Current Opinion on Nanotoxicology
1 Department of Emergency Medicine, George Washington University Medical Center, 2150 Pennsylvania, Ave NW, Suite 2B, Washington, DC, 20037, USA
2 Department of Toxicology and Pharmacology, Faculty of Pharmacy and Pharmaceutical Sciences Research Center, Tehran University of Medical Sciences, Tehran, 1417614411, Iran
DARU Journal of Pharmaceutical Sciences 2012, 20:95 doi:10.1186/2008-2231-20-95Published: 15 December 2012
Nanotechnology is one of the premiere technologies available today, having expanded both as field of scientific study and in the public consciousness. Despite this growth, the drawbacks, limitations and potential safety hazards associated with the incorporation of nanotechnology into existing industries are still being learned. The noticeable point is that there is no enough data available yet to analyze global use of nanotechnology from a meta-perspective. Three challenges can be defined in light of nanotoxicology. One, materials that might prove to be significantly toxic must be identified. Two, a system for the categorization of NP materials must be codified and made available to toxicologists. Third, a better understanding of nanoparticles biological interactions must be obtained, in order to make the best use of the first two goals. For all three, it must be remembered that research standards need to be developed for the gathering of data on the nanoscale, as that level is where the NPs and the patient’s biosystems will be interacting.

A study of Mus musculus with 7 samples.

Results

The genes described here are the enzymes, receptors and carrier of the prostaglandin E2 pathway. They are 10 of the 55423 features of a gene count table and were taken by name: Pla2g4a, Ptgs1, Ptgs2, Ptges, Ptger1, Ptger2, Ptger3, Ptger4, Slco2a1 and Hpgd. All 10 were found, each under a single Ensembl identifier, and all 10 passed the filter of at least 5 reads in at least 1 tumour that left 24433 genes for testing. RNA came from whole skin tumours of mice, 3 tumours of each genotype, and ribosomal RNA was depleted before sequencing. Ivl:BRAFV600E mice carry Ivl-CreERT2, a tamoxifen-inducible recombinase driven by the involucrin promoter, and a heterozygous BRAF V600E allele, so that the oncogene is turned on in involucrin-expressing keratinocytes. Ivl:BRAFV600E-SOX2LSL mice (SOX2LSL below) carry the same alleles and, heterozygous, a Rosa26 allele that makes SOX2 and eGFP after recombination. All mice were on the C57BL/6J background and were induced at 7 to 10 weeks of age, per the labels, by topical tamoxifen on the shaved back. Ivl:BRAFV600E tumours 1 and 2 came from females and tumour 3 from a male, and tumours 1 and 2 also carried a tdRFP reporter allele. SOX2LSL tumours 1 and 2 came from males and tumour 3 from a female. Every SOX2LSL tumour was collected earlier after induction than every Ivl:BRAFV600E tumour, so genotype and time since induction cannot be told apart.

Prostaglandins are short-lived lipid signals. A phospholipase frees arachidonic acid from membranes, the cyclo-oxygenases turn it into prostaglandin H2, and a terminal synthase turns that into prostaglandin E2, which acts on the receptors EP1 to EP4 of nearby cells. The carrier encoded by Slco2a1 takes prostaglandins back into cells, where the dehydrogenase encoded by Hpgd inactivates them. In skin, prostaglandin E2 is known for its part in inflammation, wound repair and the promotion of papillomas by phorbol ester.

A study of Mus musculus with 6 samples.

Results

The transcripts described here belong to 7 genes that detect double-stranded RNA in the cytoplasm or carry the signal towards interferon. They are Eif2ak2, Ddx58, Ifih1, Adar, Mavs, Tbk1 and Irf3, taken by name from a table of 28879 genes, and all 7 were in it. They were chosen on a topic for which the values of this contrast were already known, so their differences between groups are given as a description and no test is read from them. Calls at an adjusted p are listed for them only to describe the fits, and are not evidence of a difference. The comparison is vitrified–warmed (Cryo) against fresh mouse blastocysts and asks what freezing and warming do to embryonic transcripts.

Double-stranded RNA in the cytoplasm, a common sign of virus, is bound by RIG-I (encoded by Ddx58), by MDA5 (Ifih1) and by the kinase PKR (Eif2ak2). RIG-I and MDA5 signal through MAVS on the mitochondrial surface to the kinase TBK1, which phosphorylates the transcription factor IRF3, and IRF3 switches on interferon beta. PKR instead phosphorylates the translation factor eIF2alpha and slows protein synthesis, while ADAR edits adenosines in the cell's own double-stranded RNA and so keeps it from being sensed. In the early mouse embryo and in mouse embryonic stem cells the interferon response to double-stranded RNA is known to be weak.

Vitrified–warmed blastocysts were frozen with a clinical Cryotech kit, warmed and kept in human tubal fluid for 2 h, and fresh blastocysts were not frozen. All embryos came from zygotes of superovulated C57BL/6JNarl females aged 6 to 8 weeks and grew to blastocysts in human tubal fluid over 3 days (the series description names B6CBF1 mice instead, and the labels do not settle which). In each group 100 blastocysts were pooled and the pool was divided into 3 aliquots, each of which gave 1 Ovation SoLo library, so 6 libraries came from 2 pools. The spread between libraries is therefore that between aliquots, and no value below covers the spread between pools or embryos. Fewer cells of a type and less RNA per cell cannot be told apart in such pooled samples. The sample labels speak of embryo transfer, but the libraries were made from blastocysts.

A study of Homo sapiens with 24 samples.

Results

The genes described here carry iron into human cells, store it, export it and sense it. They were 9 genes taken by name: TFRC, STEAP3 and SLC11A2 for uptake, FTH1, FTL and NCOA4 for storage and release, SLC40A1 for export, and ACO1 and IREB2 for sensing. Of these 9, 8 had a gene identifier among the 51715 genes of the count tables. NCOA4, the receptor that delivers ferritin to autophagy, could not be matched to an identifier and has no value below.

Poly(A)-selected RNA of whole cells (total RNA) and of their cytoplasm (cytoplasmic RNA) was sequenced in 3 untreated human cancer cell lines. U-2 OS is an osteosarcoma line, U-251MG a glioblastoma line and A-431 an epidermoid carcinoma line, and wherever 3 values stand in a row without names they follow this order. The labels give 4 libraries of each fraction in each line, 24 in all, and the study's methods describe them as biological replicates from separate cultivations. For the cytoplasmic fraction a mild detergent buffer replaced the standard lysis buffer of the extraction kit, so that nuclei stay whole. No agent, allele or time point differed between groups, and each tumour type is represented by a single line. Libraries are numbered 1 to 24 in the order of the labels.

As requiring toxicologists to become nanotechnology experts would not be feasible, to properly incorporate the care of nanotoxicity into the existing medical framework, a range of experts across multiple fields of study must work in close synchronization. The focus needs to be on mechanism-driven research to ensure a solid scientific foundation for the assessment of NP and their role in healthcare.